From the White House to the Senate, from courthouses to state legislatures, everywhere you look across the US, men in power are simultaneously dismissing women’s experiences of sexual assault and further restricting access to abortion care.
There’s the cruel irony of Justice Brett Kavanaugh, declaring in one of his first opinions from the bench that he would support upholding an anti-abortion law in Louisiana, only months after he was confirmed despite the protests of women bravely sharing their stories of sexual assault.
Or the irony of Senate Majority Leader Mitch McConnell rushing to confirm Neomi Rao to Justice Kavanaugh’s old seat on the D.C. Circuit despite her deeply problematic comments blaming women for being sexual assaulted. The only thing slowing down her nomination was Senator Josh Hawley’s concern that she wasn’t anti-abortion enough (he ultimately voted to confirm Rao after receiving assurances that she is, in fact, anti-abortion).
Or the fact that both Kavanaugh and Rao were nominated by a President who has been accused of sexual assault by more than a dozen women — and whose administration has been hell-bent on decimating access to abortion and reproductive health care.
And while these events might be ironic, and devastating, sadly they’re not surprising. They are part of a scary and a pervasive culture that disregards women’s right to control our own bodies.
When we think about the connection between abortion access and sexual assault, we often think of the rape survivors who need or want to end a pregnancy that resulted from the rape. But the relationship between these two issues runs much deeper.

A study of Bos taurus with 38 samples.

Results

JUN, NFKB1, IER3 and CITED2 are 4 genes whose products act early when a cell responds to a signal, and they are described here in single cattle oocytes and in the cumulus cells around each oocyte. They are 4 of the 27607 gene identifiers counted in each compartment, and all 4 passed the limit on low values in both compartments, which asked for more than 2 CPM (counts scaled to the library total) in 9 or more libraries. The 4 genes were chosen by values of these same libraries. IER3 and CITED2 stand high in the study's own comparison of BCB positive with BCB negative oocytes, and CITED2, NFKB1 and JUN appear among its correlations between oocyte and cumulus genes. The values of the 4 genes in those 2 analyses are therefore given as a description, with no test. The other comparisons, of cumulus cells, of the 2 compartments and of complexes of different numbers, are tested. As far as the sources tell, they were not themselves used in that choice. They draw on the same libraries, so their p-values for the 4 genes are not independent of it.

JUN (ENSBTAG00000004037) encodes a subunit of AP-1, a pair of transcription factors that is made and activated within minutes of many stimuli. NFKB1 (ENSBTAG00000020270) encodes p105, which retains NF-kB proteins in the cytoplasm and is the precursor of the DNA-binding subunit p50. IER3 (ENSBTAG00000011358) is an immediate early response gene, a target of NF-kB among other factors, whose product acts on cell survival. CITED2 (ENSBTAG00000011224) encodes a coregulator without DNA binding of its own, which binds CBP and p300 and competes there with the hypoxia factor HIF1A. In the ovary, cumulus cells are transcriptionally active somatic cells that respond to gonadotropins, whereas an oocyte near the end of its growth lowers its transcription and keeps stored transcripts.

Deciding whether and when to have a child and whether or when to consent to sexual activity are both fundamentally about asserting autonomy over our own bodies. And both restrictions on abortion and the dismissal of sexual assault are about people in power — predominantly men — trying to strip away our dignity and roll back our march toward equality. We’ve seen it across this country as state legislatures have introduced more than 250 laws restricting abortion access since January 2019.
In truth, these restrictions stem from a culture that allows survivors of sexual assault to be disregarded and where women who want a full range of choices when it comes to starting or growing our families are not seen as the key decision-maker in our own lives.
If we view sexual assault and abortion restrictions through this lens, the misogyny that underpins both becomes so much clearer. But so too does the path forward for those of us who care about women’s equality, who protest efforts to defund Planned Parenthood, who lead the Take Back the Night event at their school, who march in the streets, and who have bravely said #MeToo.
Men may try to gaslight us by telling us that we must be mistaken about what happened to us or about what we want – but we know our own minds and are reliable narrators of our own stories.
Men may try to shame and stigmatise us – but we know that we deserve respect and that our experiences matter.
Now is the time to join together across issues and movements, and to stand united in our resolve to speak out against the harmful laws, policies and culture that would erode our bodily autonomy and our humanity. Now is the time to say that, no matter who is in power, we will continue to trust and believe women.
Ebony Tucker is the advocacy director at the National Alliance to End Sexual Violence. Shaina Goodman is the director of policy for reproductive health and rights at the National Partnership for Women & Families. Opinions are their own.